During the months of November and December, veterinarians treat many patients that encounter toxins. Certain foods and plant toxicants are more commonly associated with this time of year. Read …
During the months of November and December, veterinarians treat many patients that encounter toxins. Certain foods and plant toxicants are more commonly associated with this time of year. Read further to learn more about some of the most common toxicities.
Chocolate comes in many different options including dark chocolate, baker’s chocolate, white chocolate and milk chocolate. By far the worst and most toxic would be baker’s chocolate. A good rule of thumb is: the darker and the more bitter the chocolate, the more dangerous for your pet. For example, a 44-pound dog would need to ingest approximately 14 oz. of milk chocolate, or 4.5 oz. of semi-sweet chocolate, or 2 oz. of unsweetened chocolate to cause moderate signs of toxicity.
Signs of chocolate toxicosis can be observed within a few hours, up to 12 hours following ingestion. Often dogs will develop restless behavior, vomiting, diarrhea and in the most extreme cases seizures, or sudden death. The compounds in chocolate can be detrimental to the intestinal tract, but more concerning, to the cardiovascular system.
Grapes and raisins
Grapes and raisins have been associated with the development of acute kidney injury/failure when ingested by dogs. Common kitchen items found during the holidays that may contain grapes or raisins include holiday fruitcake, baked goods containing raisins, chocolate-covered raisins and stuffing. While 50% of dogs that ingest grapes or raisins may never develop any kidney issues, it is always best to have them evaluated and treated. The risk associated with lack of treatment can be devastating, as often the kidney failure is not treatable in the later stages.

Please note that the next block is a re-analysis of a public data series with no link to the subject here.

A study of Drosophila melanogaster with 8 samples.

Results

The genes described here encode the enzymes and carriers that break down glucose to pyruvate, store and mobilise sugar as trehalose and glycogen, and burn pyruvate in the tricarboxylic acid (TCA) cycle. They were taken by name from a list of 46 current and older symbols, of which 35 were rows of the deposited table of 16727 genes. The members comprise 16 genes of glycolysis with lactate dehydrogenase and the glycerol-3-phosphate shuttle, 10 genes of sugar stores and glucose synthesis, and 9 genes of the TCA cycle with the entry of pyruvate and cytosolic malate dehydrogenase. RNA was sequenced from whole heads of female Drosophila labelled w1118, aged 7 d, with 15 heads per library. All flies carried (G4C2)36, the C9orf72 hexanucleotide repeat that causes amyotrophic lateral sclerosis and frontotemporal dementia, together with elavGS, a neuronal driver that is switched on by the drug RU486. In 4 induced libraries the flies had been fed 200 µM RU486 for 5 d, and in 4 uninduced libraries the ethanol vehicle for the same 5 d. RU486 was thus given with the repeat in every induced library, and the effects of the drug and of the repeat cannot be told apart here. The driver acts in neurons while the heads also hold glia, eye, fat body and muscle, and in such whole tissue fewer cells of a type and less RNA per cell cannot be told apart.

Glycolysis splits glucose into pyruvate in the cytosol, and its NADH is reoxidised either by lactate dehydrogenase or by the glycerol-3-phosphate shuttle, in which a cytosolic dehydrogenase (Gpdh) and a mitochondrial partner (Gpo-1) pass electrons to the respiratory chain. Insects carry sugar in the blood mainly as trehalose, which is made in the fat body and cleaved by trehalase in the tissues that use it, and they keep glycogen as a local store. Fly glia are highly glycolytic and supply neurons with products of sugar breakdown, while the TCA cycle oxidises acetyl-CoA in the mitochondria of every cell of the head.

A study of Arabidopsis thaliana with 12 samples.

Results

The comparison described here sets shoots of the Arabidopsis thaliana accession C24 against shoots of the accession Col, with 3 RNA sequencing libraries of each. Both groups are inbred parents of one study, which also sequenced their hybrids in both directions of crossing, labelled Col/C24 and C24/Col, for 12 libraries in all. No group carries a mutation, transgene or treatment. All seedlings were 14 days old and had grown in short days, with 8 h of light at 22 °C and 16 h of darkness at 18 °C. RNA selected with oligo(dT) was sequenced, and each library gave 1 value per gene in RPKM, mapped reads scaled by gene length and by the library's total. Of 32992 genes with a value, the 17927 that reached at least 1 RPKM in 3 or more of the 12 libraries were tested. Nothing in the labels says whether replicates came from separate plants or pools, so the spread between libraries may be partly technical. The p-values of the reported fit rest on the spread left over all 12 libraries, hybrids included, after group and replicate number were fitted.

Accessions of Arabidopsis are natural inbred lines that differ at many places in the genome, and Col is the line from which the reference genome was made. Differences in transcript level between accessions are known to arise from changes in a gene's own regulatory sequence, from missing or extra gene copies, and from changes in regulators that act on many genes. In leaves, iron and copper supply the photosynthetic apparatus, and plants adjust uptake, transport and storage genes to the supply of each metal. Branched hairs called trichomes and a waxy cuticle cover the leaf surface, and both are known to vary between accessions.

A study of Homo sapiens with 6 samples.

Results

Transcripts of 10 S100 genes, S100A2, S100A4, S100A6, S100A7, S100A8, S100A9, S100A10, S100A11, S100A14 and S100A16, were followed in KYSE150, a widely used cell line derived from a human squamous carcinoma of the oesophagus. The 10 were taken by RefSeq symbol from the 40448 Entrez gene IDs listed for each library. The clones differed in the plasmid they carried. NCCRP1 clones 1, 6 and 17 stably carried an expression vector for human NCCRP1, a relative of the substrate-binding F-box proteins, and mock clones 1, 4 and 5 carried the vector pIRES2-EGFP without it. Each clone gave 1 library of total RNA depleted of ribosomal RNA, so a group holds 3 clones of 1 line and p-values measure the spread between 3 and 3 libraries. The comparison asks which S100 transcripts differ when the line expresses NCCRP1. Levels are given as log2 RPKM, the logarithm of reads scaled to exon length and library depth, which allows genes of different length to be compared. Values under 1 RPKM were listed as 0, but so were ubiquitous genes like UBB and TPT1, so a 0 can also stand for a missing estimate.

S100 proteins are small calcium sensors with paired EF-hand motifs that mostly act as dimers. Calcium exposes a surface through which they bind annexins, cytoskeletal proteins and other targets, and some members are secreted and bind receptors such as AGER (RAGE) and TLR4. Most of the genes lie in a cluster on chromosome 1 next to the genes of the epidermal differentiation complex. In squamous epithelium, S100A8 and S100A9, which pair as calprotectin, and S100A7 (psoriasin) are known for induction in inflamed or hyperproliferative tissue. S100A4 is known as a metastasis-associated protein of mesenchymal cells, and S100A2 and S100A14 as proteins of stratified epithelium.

Unbaked bread dough
Yeast-containing unbaked bread dough is not a common toxicant, but we do see it more during the winter holiday season and Easter. Commonly found in pizza dough, roll products and sourdough starters, unbaked bread dough can cause both alcohol poisoning and bloat when ingested. When the dough hits the warm, moist environment of the stomach (acting as an oven), it causes the yeast to ferment and produces carbon dioxide and ethanol. This increase in gas production can cause gastric dilatation-volvulus (GDV), which can be life threatening. Immediate veterinary medical attention is advised.
Poinsettias are a common plant ingestion around the holidays. However, ingestion is not life threatening even in the most severe cases, with symptoms generally limited to drooling, vomiting and diarrhea. Other holiday plants such as holly and mistletoe can also cause the same symptoms. The most dangerous flower or plant is the common “true” lily such as Easter, tiger, Japanese show lily, stargazer, rubrum lily, and daylily. These plants may be found in floral arrangements brought into the home as gifts. All parts of the plant, including the pollen and water in the vase, are toxic to cats. Ingestion will result in severe kidney failure. Some symptoms of ingestion include vomiting, depression, and anorexia. Treatment includes aggressive intravenous fluid therapy with close monitoring in the hospital. Delay in seeking veterinary care can result in death.
The holidays are a wonderful time of year to spend with family and friends, but this is also a time to be on high alert for potential toxicants that can cause severe damage to your furry family member. Be sure to take proper safety precautions when it comes to all baked goods and gifts from family and friends. If you are ever in doubt or have a question, it is best to be proactive and consult your family veterinarian.
Happy holidays from Dr. Joe and the staff at Catskill Veterinary Services!
[Contact Dr. D’Abbraccio at www.facebook.com/CatskillVeterinaryServices, www.catskillvetservices.com, or firstname.lastname@example.org.]